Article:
On Thursday, Foreign Policy reported that Commerce Secretary Wilbur Ross remained on the board of a Chinese joint venture — even while he was tasked with overseeing President Donald Trump’s trade war.
“In Chinese corporate documents obtained by Foreign Policy, Ross is listed as serving on the board of a Chinese joint venture until January 2019 — nearly two years into his term as commerce secretary,” reported Isaac Stone Fish. “That joint venture, now called Huaneng Invesco WLR (Beijing) Investment Fund Management Co., is an investment partnership formed in September 2008 between Huaneng Capital Services, the U.S. management company Invesco, and a firm Ross founded, WL Ross & Co. Huaneng Capital Services is an arm of China Huaneng Group, a major state-owned power producer.”
This means he was on the board during the tariff fight between the U.S. and China in 2018, as Trump levied more and more taxes on importers bringing Chinese goods into the U.S., and China retaliated with tariffs of their own.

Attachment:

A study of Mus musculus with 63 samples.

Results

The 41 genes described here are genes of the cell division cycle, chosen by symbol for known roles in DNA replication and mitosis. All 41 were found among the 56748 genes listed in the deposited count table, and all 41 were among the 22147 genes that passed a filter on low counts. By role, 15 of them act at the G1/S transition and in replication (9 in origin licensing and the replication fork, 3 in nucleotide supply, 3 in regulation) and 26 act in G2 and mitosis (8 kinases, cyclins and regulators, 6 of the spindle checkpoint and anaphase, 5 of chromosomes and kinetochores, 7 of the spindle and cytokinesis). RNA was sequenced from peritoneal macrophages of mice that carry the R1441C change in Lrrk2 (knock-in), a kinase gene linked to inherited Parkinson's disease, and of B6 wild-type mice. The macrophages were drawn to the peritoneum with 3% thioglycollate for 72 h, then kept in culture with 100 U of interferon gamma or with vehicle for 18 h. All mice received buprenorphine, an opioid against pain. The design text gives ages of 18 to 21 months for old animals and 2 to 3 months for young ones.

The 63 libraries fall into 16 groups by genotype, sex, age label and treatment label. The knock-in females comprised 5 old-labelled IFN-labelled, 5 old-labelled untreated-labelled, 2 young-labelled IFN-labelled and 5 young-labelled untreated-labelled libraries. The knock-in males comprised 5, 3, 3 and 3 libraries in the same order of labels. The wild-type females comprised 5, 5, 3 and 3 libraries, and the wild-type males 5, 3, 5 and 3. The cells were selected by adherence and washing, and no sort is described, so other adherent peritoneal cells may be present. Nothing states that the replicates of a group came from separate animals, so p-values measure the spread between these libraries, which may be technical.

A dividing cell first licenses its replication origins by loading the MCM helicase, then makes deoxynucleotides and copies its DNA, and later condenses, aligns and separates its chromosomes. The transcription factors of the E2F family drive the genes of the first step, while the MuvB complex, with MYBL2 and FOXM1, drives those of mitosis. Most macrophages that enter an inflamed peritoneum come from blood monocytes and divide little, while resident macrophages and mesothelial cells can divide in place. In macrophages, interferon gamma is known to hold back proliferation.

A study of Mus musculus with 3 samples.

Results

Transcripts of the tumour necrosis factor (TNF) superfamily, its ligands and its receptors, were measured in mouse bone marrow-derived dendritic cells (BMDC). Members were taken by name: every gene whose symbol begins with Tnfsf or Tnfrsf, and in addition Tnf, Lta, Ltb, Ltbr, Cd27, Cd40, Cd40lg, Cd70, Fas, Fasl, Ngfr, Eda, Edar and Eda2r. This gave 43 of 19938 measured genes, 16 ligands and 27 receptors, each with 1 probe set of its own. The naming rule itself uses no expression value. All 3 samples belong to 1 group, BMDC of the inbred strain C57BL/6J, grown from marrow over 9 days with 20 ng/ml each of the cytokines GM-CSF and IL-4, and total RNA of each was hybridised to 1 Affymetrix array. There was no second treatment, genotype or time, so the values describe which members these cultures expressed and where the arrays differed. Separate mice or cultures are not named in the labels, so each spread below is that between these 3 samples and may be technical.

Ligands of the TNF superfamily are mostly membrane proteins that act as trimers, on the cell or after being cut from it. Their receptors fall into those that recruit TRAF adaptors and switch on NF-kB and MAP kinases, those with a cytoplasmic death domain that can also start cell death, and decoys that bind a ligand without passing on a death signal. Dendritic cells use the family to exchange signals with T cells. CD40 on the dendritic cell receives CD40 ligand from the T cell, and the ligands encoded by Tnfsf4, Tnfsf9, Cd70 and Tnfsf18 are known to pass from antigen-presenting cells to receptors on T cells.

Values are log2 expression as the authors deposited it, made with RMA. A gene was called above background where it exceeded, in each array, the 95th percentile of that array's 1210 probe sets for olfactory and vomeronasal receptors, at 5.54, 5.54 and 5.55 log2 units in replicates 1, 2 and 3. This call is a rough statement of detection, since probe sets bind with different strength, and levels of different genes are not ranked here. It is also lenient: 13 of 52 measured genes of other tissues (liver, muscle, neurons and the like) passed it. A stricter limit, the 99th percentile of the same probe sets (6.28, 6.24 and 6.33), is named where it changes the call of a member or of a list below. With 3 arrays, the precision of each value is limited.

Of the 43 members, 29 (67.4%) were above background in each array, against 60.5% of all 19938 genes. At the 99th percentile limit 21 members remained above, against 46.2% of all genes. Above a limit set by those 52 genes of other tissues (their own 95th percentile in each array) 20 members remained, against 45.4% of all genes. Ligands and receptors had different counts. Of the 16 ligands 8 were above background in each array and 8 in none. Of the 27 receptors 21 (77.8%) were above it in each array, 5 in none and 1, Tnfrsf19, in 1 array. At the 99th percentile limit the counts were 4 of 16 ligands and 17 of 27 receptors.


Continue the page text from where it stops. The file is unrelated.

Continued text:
“The documents correspond to the information found on Chinese corporate data sites, such as Qichacha and Qixinbao, including the dates of board membership,” said the report. “The documents don’t say if Ross was paid for his board seat or whether there is any current financial relationship between Ross and the joint venture. It’s also unclear if Ross knew that he remained on the board seat: The more recent documents don’t include the signatures or seals of the individual board members. That Chinese documents state Ross was on the board of a Chinese joint venture until 2019 has not been previously reported.”
Ross, a billionaire financier, has come under fire for a series of revelations about investments that could conflict with his government duties.